LinkedIn Mobile Usage Approaching A Majority — Now At 41%


Speaking in a session about loyalty and retention here at the Mobile World Congress tradeshow in Barcelona, Joff Redfern, LinkedIn’s VP of mobile product, described the process LinkedIn is going through as a metamorphosis.

“We’re becoming a mobile company. We’re going through this metamorphosis. We started as a caterpillar and we’re going to exit this as a butterfly.”

Redfern revealed that the proportion of unique users of LinkedIn coming to the service on mobile is now fast approaching a majority — with 41 percent now coming via mobile, up from 38 percent last October.

The company is still expecting to tip into a full-blown majority this year, with Redfern adding that it expects mobile users to account for more than 50 percent of unique visits by the end of this year.

He also detailed LinkedIn’s three revenue streams — saying they currently break out as follows: 55 percent from what he called “talent solutions”; 25 percent from marketing; and 20 percent from premium subscriptions.

On the marketing/ad side, Redfern said LinkedIn has focused on developing targeted sponsored updates to address a mobile user base — rather than trying to push intentionally distracting banner ads for this form factor.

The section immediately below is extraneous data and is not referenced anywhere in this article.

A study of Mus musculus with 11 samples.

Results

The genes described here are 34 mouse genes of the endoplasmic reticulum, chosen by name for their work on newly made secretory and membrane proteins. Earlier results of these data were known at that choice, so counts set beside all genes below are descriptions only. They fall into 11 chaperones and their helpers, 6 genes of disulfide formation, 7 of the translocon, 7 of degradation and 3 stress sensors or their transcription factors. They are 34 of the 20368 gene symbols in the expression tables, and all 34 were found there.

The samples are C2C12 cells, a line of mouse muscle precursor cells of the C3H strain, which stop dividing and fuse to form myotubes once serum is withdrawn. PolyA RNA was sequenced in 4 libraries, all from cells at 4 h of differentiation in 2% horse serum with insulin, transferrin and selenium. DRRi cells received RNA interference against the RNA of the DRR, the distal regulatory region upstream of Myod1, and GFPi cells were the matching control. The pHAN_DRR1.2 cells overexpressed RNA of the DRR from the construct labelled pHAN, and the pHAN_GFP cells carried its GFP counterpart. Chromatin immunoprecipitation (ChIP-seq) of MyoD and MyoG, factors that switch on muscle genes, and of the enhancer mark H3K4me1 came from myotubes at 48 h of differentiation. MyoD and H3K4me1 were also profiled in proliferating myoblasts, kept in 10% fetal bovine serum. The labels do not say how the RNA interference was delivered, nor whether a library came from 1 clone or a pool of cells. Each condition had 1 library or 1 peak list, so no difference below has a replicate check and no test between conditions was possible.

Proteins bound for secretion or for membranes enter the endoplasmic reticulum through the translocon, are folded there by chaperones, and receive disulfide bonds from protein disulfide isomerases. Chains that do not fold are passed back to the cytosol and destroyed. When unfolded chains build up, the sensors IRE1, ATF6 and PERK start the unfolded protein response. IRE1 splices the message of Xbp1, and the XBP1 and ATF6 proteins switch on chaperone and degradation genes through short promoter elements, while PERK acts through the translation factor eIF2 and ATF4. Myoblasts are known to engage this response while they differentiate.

These sponsored updates give companies the opportunity to use LinkedIn’s platform to tightly target marketing messages at particular professionals or industries — for instance by allowing a router company to target only networking engineers with details of its latest bit of kit.

From a standing start this year, Redfern said 13 percent of LinkedIn’s marketing-related revenues are now coming from this “new type of ad.”

Another part of LinkedIn’s strategy to rebuild its sprawling desktop property for mobile is to adopt a “multi app strategy.” Redfern said unbundling its own desktop service into multiple mobile apps is necessary to retain the level of simplicity required for an app to convert a download into an active user — saying an app needs to follow a “five-second rule” for how long the user will be willing to spend to figure out how it works.

So, while LinkedIn’s desktop site has more than 2,100 distinct pages, Redfern noted there are only about 75 pages across its suite of mobile apps.

Keeping things “simple simple” is key to making mobile work, he added.